New York, September 22, 2009 — Moody’s Investors Service has upgraded Brazil’s foreign- and local-currency government bond ratings to Baa3 from speculative-grade Ba1. The outlook on the new ratings is positive.

“The upgrade reflects Moodys recognition that the country’s shock absorption capacity, including the authorities’ policy response capability, points to a material improvement in Brazil’s sovereign credit profile,” said Mauro Leos, Moody’s regional credit officer for Latin America.

“Evidence of strong economic and financial resilience, features typically associated with investment-grade sovereign credits, can be seen in the modest and short-lived contraction in GDP, minimal weakening in the country’s international reserve position, moderate deterioration in the government debt indicators and lack of financial stress in the banking system,” said Leos.

Even though the economy will report negative GDP growth in 2009 and the fiscal accounts will deteriorate with respect to previous years, Leos said, Brazil’s overall performance proved to be better than that of  several Baa-rated investment-grade countries — the rating category to which Brazil now belongs.

Leos said the rating upgrade is part of an ongoing process intended to identify countries that have become “ordinal winners” throughout the period of global economic and financial turmoil. This process has led to a repositioning of sovereign ratings on Moody’s global scale for countries whose sovereign credit profiles, while already on a medium-term upward path, have proved to be less vulnerable relative to peers.

“The notable improvement reported in the government debt structure was an important contributing factor to the rating upgrade and to the positive outlook, “said Leos. “Reduced sovereign credit risk was a direct result of lower exposure in the government balance sheet to exchange rate and interest rate risks.”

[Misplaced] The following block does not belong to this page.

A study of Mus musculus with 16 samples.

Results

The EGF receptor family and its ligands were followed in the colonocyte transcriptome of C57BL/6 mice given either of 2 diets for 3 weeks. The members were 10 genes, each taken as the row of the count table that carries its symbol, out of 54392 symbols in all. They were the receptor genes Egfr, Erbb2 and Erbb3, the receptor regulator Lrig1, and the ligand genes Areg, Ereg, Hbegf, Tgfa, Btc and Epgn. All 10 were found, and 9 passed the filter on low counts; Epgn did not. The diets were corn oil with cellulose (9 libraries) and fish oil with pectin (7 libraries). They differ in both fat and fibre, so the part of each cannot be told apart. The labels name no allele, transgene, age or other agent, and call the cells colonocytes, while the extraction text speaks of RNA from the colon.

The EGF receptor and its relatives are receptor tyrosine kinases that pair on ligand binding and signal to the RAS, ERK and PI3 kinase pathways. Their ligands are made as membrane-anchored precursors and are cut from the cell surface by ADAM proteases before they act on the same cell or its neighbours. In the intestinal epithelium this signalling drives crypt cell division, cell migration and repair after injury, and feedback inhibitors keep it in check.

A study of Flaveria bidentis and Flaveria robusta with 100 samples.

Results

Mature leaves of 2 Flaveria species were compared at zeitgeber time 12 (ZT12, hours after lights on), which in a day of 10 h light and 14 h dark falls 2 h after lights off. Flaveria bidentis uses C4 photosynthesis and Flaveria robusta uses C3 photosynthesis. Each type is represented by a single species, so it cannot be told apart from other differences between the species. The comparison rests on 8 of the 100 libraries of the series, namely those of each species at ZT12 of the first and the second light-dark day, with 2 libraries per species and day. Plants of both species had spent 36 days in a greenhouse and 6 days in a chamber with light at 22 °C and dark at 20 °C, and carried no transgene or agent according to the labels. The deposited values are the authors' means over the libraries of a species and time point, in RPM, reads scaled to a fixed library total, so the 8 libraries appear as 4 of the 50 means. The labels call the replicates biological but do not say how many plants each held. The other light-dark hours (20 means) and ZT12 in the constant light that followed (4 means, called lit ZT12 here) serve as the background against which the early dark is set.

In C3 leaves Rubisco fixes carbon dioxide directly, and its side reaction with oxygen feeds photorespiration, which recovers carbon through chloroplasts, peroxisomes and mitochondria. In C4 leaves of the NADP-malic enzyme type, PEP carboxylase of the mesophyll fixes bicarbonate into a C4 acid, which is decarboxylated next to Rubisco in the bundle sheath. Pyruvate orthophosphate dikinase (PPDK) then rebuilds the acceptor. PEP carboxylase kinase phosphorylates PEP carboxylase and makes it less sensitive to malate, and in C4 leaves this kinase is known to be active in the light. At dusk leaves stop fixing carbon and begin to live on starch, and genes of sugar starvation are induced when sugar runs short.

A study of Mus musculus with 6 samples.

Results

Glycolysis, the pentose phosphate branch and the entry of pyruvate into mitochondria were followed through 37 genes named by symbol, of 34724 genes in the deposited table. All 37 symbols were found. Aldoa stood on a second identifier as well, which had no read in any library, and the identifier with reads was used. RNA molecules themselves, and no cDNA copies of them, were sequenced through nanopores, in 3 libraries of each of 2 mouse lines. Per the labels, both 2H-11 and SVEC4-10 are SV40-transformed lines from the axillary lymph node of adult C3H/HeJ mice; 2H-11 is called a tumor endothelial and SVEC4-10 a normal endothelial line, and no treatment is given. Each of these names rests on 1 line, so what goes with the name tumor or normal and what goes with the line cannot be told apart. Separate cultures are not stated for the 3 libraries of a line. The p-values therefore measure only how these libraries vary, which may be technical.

Future improvements in the government’s credit standing would require additional progress in the debt structure with special attention given to the reduction of rollover risks by lengthening average maturities.

“Stronger growth prospects and the likelihood that continued macroeconomic stability would help secure single-digit interest rates are conditions that could potentially improve government debt dynamics,” said Leos.

While necessary, he added, those conditions may not to be sufficient in the absence of a clear policy commitment to primary surpluses consistent with a downward trend in government debt indicators.

“The authorities’ ability to implement actions that resume positive trends in the fiscal accounts will be critical to assure continued improvement in Brazil’s sovereign credit standing within the Baa peer group,” cautioned Leos.

“Moody’s believes the chances that Brazil will stay on a multi-year path of improved creditworthiness are reasonably high,” explained Leos. “For this reason, we have assigned a positive outlook to Brazil’s sovereign ratings.”

He added that the positive outlook also denotes the absence of macroeconomic imbalances in the Brazilian economy, a condition that places the country in a privileged position relative to other sovereign credits in the same rating category, some of which face fundamental external or fiscal challenges.

“The presence of favorable growth prospects — if combined with a policy stance that builds on the progress made in previous years — could improve Brazil’s medium term sovereign credit perspective,” said Leos.

Ultimately, he said, the prospect of a further upgrade will depend on the political will of the authorities to remove obstacles to Brazil’s economic potential. A permanent correction of fiscal imbalances that have led to persistently high government financing requirements would be crucial in this respect.

At this time, Moodys has also upgraded Brazil’s country ceiling for foreign-currency bonds to Baa2 from Baa3 and the country ceiling for foreign-currency bank deposits was to Baa3 from Ba2. Both ratings have a positive outlook. Brazil’s local-currency deposit ceiling and local-currency bond ceiling were not affected.

The last rating action with respect to the government of Brazil was implemented on July 6, 2009, when Moody’s placed the government’s foreign and local-currency bond ratings on review for possible upgrade. Brazil’s country ceiling for foreign-currency bonds was also placed on review as was the country ceiling for foreign-currency bank deposits.

The principal methodology used in rating Brazil was Moody’s Sovereign Bond Methodology, published in September 2008 and available on in the Rating Methodologies sub-directory under the Research & Ratings tab. Other methodologies and factors that may have been considered in the process of rating this issuer can also be found in the Rating Methodologies sub-directory on Moody’s website.